Is Facebook’s Libra Coin The First Crypto ETF To Be Released To The Market?

  • Facebook’s Libra could just be an ETF rather than a virtual currency
  • Libra has the characteristics to ETFs according to analysts

Facebook has recently announced the creation of its own cryptocurrency called Libra. The virtual currency is expected to be backed by different fiat currencies and be available for WhatsApp and Facebook Messenger users.

However, Dave Nadig, the managing director of said that Libra is essentially a currency ETF.

Is Libra A Crypto ETF?

In an article that he wrote a few days ago, he concluded that Libra is an ETF rather than a cryptocurrency. He said that as soon as he had time to check the white paper, he got interested in a specific paragraph in which Facebook explains that there are going to be authorized entities to transact large amounts of fiat and Libra in and out of the reserve.

The paragraph keeps:

“These authorized resellers will integrate with exchanges and other institutions that buy and sell cryptocurrencies to users, and will provide these entities with liquidity for users who wish to convert from cash to Libra and back again.”

This is why Mr. Nadig considers that Libra is just an ETF. He went on writing that as he continued reading the whitepaper, it became more clear that Libra was an actively managed ETF that will be investing in a basket of currencies based on a set of investment objectives.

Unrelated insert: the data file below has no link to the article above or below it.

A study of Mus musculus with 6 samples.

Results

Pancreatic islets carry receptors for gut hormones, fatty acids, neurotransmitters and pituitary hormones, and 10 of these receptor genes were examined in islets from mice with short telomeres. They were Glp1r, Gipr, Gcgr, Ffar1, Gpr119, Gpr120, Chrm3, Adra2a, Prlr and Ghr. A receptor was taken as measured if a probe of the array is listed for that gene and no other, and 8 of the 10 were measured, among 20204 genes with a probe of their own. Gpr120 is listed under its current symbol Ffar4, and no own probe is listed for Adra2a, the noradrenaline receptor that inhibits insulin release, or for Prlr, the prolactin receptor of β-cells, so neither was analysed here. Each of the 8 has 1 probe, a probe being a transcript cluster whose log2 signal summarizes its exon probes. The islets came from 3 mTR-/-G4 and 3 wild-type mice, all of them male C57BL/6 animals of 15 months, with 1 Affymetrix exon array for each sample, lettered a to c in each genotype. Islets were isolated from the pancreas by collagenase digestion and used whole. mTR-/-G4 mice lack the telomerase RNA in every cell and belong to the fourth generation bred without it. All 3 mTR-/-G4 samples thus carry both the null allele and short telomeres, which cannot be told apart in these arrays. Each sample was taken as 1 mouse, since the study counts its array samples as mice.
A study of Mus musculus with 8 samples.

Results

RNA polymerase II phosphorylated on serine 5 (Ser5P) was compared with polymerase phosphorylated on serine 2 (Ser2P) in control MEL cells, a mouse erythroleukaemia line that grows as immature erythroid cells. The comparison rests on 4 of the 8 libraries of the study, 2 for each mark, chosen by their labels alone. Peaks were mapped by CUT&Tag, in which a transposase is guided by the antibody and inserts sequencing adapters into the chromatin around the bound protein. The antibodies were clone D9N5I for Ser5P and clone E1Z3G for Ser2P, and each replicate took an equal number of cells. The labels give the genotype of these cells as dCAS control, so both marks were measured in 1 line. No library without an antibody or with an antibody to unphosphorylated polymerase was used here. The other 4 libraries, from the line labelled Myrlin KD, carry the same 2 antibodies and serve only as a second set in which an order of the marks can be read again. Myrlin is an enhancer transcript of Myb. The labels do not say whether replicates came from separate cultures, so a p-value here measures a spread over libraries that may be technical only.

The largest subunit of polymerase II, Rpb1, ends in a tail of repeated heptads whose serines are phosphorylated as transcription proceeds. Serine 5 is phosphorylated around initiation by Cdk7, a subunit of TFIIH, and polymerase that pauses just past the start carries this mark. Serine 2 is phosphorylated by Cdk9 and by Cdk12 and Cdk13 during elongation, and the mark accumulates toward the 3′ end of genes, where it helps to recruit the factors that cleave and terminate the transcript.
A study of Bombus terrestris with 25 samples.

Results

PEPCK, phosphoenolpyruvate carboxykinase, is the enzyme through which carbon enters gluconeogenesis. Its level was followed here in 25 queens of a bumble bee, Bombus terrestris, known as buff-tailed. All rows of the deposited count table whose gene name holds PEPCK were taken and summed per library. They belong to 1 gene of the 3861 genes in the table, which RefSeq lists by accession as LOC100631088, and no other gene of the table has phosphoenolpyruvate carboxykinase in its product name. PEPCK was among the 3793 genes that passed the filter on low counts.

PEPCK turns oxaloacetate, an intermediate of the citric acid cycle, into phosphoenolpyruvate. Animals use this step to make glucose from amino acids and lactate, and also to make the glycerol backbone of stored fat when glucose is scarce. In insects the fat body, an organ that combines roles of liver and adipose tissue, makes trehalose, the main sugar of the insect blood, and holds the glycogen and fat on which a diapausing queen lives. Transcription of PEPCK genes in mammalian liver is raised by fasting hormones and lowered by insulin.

Nadig compared Facebook’s cryptocurrency with the WisdomTree Emerging Currency Strategy Fund (CEW).

The author of the article explains that CEW does the same thing that Libra is currently planning to do, but there are just some exceptions. The first difference is that CEW charges a 0.55% expense ratio. Libra does not have a fee embedded in the valuation peg to its basket. Moreover, CEW invests in short-term instruments in each currency, while holders of CEW gain that interest.

He has also found an article that David Weisberger wrote on Medium in which he believes that Libra is an ETF. Mr. Weisberger mentioned that he would be stunned if the U.S. Securities and Exchange Commission (SEC) does not contemplate asserting that it has jurisdiction over the market of Libra tokens.

Nadig considers that Facebook, as well as Visa or PayPal, know these regulations and know how to deal with them. Basically, Facebook knows what it is doing and which are the effects this can have on the market.

Libra also wants to make transactions transparent and seamless by using blockchain technology. Nadig says that there is no way to hand Amazon a share of the SPDR S&P 500 ETF Trust (SPY) in exchange for books and groceries. Libra wants that to be possible, making it possible to move a security from “pocket A to pocket B.”

The author of the article considers that Libra is also not a stablecoin or a debt instrument. There is no “promise to pay,” but there is a “promise to exchange.” At the moment, the closest example to Libra is the M-Pesa, a global payment system that started in Kenya and has spread in the region.

The M-Pesa is a mobile banking system that has obtained special licenses from regulators in order to work as a bank. Nadig ended the article:

“To me, it’s far more likely this is the beginning of a much-needed and really interesting conversation about the role of money in the modern world. That’s the right discussion to be having in Washington, and Libra is a big enough initiative to put it on the agenda.”